Some 3,000 EV chargers could be installed in Hackney by 2030, under a tender issued by Hackney Council, in what is thought to be one of the biggest area-based expansions of EV infrastructure in the country.
The tender calls for private sector organisations to partner with the council’s energy services arm, Hackney Light and Power, to deliver the new chargers, with the council expecting 1,500 to be installed by 2024, as part of its commitment to support emissions reduction in the borough and support the transition to EVs.
According to the council, transport accounts for 125 kilotonnes of Co2 emissions each year in Hackney – the second biggest borough contributor to climate change after domestic energy use.
While EVs still contribute to particulate matter pollution through tyre wear, Hackney Council believes their uptake will help to reduce tailpipe emissions such as nitrogen dioxide across the borough.
The tender builds on the council’s commitment to provide chargers within 500m of every household, which it aims to meet by the end of 2021, after the installation of a total of 296 charging points, currently a mix of lamppost, fast and rapid chargers.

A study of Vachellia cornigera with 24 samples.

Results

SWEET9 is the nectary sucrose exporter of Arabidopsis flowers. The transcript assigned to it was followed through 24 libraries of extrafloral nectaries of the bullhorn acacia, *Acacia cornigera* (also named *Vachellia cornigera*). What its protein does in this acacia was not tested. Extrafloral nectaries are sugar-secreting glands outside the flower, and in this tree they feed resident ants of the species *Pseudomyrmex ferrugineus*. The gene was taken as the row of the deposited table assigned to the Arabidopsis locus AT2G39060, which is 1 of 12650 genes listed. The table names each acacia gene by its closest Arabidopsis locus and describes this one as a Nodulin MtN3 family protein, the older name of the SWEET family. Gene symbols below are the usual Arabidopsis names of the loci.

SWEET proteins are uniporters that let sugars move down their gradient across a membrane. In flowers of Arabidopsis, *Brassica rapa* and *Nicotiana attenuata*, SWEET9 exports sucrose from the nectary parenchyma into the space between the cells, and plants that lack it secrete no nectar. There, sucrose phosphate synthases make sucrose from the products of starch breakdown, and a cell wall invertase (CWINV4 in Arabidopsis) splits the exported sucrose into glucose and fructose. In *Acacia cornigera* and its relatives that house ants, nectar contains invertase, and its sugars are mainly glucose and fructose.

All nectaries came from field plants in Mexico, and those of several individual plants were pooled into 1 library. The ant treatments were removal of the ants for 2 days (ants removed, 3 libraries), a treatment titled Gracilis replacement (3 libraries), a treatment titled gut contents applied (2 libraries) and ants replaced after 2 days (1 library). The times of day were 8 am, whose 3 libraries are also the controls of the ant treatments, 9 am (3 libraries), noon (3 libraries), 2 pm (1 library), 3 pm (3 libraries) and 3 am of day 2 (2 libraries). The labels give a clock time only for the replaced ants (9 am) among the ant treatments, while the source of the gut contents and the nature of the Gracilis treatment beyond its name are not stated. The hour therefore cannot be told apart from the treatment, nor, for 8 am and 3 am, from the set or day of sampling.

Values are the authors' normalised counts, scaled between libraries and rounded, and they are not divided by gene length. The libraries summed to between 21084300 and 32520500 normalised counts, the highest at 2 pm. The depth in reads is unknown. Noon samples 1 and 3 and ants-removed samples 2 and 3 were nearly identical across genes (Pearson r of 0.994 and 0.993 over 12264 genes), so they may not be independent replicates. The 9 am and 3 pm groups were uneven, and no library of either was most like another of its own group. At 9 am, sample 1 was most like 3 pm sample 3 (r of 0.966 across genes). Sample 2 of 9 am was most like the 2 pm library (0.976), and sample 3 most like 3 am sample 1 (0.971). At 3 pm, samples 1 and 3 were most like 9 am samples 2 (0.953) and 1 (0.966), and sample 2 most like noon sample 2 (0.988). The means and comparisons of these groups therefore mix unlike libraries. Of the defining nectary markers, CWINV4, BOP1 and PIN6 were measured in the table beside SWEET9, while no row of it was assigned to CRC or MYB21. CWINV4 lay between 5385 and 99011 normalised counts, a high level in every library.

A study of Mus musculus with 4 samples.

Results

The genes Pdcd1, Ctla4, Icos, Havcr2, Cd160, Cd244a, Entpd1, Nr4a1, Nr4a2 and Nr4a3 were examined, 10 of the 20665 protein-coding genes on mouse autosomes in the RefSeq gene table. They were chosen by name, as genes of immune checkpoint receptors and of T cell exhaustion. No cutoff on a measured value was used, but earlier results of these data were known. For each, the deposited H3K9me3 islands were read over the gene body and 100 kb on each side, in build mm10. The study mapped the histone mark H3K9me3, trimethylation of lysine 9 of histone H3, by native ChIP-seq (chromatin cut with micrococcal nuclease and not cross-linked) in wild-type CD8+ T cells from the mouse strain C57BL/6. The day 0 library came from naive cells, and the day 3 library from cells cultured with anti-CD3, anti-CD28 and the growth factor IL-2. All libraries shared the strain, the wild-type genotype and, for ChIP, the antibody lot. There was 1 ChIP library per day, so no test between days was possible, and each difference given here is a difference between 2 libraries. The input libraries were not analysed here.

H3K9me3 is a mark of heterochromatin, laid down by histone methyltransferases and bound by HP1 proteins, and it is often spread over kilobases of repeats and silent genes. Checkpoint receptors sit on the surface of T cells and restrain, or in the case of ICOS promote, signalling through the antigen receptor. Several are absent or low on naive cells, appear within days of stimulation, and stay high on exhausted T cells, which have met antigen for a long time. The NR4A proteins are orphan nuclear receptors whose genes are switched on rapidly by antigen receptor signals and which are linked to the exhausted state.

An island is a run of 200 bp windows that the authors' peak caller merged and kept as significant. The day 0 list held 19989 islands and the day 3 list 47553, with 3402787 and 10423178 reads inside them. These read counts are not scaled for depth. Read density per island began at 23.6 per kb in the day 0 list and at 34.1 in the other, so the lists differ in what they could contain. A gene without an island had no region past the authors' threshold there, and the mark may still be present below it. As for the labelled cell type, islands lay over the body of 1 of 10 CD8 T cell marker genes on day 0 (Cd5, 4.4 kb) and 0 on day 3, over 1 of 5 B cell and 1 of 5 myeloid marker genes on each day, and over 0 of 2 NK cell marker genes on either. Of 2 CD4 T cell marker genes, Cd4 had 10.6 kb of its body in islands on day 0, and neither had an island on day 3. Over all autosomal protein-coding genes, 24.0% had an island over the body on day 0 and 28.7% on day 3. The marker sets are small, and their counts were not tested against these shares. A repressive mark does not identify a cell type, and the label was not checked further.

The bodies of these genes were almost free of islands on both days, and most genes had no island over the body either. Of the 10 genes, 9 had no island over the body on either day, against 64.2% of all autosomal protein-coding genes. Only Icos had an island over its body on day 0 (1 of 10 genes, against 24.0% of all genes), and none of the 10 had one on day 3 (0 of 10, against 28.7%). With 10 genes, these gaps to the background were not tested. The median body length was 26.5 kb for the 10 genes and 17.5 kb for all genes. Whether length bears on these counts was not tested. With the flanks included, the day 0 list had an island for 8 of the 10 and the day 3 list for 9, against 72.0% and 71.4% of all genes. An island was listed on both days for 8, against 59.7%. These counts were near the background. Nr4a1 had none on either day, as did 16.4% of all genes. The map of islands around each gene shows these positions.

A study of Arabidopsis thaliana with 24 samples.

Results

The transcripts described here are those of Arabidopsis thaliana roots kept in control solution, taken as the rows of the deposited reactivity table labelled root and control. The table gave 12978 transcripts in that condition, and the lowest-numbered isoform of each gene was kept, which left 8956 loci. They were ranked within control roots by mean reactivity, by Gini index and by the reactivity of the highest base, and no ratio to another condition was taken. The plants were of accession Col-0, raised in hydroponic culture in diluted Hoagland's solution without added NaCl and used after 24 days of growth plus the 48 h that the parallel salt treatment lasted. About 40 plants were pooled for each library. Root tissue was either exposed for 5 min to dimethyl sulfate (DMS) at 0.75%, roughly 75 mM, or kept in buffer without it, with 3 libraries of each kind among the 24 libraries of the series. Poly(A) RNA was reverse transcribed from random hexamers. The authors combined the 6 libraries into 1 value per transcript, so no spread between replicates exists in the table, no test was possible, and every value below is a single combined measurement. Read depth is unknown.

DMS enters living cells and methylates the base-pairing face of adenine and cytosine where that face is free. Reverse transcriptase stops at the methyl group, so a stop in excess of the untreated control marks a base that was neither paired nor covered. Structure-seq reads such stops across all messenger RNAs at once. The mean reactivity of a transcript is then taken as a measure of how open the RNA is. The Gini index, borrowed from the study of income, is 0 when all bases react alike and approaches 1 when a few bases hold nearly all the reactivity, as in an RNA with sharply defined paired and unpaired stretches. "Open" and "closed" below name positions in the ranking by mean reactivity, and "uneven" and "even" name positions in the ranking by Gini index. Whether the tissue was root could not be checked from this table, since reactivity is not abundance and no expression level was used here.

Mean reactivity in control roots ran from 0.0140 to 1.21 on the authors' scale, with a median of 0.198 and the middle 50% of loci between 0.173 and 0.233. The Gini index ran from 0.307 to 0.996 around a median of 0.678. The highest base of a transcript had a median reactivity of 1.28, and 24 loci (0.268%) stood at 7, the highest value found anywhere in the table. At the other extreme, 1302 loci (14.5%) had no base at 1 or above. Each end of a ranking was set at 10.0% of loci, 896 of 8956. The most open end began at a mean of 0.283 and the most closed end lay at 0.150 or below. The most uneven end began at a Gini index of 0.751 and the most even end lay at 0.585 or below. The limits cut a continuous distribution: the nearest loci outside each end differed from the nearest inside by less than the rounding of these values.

Cllr Mete Coban, cabinet member for energy, waste, transport and public realm, at Hackney Council, said: “Decarbonising our transport system is one of the most significant ways we can help reduce emissions in the borough and tackle the climate crisis – with this landmark tender representing a huge investment in charging infrastructure locally.
“As with much of our work to rebuild a greener Hackney, this will also have tangible benefits for local residents: it’ll be easier to switch to EVs and we’ll see air quality improved.
“However, to keep making Hackney a better place to live, we’re also clear that this work must also sit alongside an overall reduction in vehicle ownership, which is why we’ve introduced tens of new School Streets and low traffic neighbourhoods – supporting us all to walk, cycle and use public transport locally.”